The Man Who Made Us See That Trade Isn't Always Free
Massachusetts Institute of Technology economist David Autor once referred to himself as an “ambulance chaser.” It was his self-deprecating way of admitting that his work tends to focus on the really big, urgent issues facing the modern economy.
Autor is one of the leaders of the empirical revolution in economics. Along with others like Stanford’s Raj Chetty and Harvard’s Lawrence Katz, Autor has been pioneering ways to make the economics discipline both more credible and more relevant. He has tackled subjects like monopoly power and the polarization of the job market. But perhaps his biggest bombshell has been his finding, along with co-authors David Dorn and Gordon Hanson, that opening the U.S. economy to trade with China hurt American workers a lot more than had previously been thought. Though that finding has been challenged by others such as George Washington University’s Jonathan Rothwell, it has already changed the way economists think and talk about the costs and benefits of free trade.
Not too long ago, free trade was the one thing that almost all economists agreed on. They might bicker about fiscal stimulus, or the right rate for the corporate tax, but when it came to trade they were in lock-step. Trade theorist Paul Krugman once wrote:
The economist’s case for free trade is essentially a unilateral case - that is, it says that a country serves its own interests by pursuing free trade regardless of what other countries may do.
If empirical studies can lead top mainstream economists to question this once-universal belief, then the profession really is shifting from theory to evidence. With this in mind, I recently contacted Autor to ask him how his research on China has altered his own thinking about the costs and benefits of trade.
Autor told me that he had been astonished by his own findings. Autor, like most top economists, was once an orthodox thinker on the trade issue. He had expected American workers would adjust well to the shock of Chinese imports, finding other jobs for similar wages after a short period of dislocation. That was largely what happened in the 1980s and 1990s in response to Japanese and European competition. Instead, he and his co-authors found that trade with China in the 2000s left huge swathes of the U.S. workforce permanently without good jobs -- or, in many cases, jobs at all.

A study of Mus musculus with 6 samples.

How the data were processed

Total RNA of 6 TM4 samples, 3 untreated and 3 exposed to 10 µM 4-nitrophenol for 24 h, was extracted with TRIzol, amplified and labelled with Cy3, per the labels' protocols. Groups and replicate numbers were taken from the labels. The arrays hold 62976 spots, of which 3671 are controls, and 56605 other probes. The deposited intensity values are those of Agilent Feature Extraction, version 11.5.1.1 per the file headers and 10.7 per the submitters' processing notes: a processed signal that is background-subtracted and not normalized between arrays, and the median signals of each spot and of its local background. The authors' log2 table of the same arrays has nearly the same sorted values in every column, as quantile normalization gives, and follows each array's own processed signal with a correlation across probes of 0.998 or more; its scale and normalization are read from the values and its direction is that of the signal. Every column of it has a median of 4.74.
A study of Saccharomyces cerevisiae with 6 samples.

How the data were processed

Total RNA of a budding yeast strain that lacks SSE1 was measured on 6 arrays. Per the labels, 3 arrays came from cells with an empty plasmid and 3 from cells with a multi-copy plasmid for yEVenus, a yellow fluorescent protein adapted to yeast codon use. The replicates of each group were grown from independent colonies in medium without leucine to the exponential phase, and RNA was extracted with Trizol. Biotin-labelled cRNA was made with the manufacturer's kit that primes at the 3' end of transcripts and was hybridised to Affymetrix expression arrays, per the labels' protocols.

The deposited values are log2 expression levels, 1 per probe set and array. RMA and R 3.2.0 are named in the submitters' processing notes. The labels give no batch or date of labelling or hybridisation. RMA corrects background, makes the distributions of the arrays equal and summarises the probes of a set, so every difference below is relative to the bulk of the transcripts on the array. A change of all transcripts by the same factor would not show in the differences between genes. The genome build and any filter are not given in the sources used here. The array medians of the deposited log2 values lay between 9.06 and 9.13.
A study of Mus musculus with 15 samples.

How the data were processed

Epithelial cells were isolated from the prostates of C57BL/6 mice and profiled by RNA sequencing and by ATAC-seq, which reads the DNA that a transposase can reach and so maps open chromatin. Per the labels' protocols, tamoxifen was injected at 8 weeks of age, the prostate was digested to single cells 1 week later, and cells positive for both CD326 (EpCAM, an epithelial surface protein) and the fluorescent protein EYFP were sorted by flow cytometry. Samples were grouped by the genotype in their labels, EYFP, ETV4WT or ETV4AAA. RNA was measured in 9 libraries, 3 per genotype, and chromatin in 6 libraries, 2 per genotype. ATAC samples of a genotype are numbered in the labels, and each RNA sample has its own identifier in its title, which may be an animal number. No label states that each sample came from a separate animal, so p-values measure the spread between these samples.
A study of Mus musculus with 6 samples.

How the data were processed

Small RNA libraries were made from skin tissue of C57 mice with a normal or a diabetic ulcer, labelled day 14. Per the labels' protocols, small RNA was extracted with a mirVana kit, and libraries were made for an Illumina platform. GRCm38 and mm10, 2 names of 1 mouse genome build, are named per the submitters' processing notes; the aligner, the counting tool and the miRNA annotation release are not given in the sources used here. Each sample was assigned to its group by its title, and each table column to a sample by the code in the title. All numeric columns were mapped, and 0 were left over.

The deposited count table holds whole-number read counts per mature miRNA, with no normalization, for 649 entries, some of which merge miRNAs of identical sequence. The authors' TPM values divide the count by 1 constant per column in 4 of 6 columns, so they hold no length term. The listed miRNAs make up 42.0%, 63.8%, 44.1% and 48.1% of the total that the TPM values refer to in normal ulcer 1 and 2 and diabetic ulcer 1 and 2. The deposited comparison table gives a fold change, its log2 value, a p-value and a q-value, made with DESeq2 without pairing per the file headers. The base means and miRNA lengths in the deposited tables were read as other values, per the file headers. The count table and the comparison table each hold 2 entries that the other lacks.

This sort of concentrated economic devastation sounds like it would hurt not just people’s pocketbooks, but the social fabric. In a series of follow-up papers, Autor and his team link Chinese import competition to declining marriage rates and political polarization. Autor told me that these social ills make the need for new thinking about trade policy even more urgent. A large population of angry, unmarried men with deteriorating career prospects is a dangerous thing for any democracy.
So, I asked, how should trade policy be changed? Autor’s answers again surprised me. He suggested that the process of admitting China to the World Trade Organization back in 2000 should have been slowed down significantly. That would have given American workers and industries time to prepare for, and adjust to, China’s competitive onslaught. He also endorsed the border adjustment tax now being considered by Congress. That tax would probably benefit U.S. exporters at the expense of importers.
But Autor went quite a bit further. He told me that the U.S. government should focus attention on manufacturing industries, and even use industrial policy to bolster the sector.
Traditionally, economists have looked down their noses at “manufacturing fetishism,” but Autor says he thinks the sector is underrated. He praised Sematech, the government-organized consortium that worked to boost the U.S. semiconductor industry in the 1980s and 1990s. He also suggested that the U.S. government use military research spending and incentives for investments in automation. Autor cited another one of his papers showing that Chinese imports had made U.S. producers of those goods less innovative, and suggested that government policy could help reverse the trend.
This kind of talk is certain to make many economists uncomfortable. Top economists have toyed with the idea of industrial policy over the years. But explicit support for the manufacturing sector goes against decades of ingrained teaching. And a general shift from free-trade cheerleading toward a sober, nuanced weighing of trade’s costs and benefits is going to be a frightening proposition for many.
But if this change in outlook does happen, even marginally, it will be a testament to the power of empirical economics. When facts and evidence can convince sober, fair-minded researchers like David Autor to change their own bedrock beliefs about national economic policy, it means there has been a sea change in how the profession thinks. The new empirical era may contain far less comfortable certitudes than the theory-driven economics of the past, and that’s frightening. But only by first admitting ignorance can social scientists eventually start crawling their torturous way toward the truth.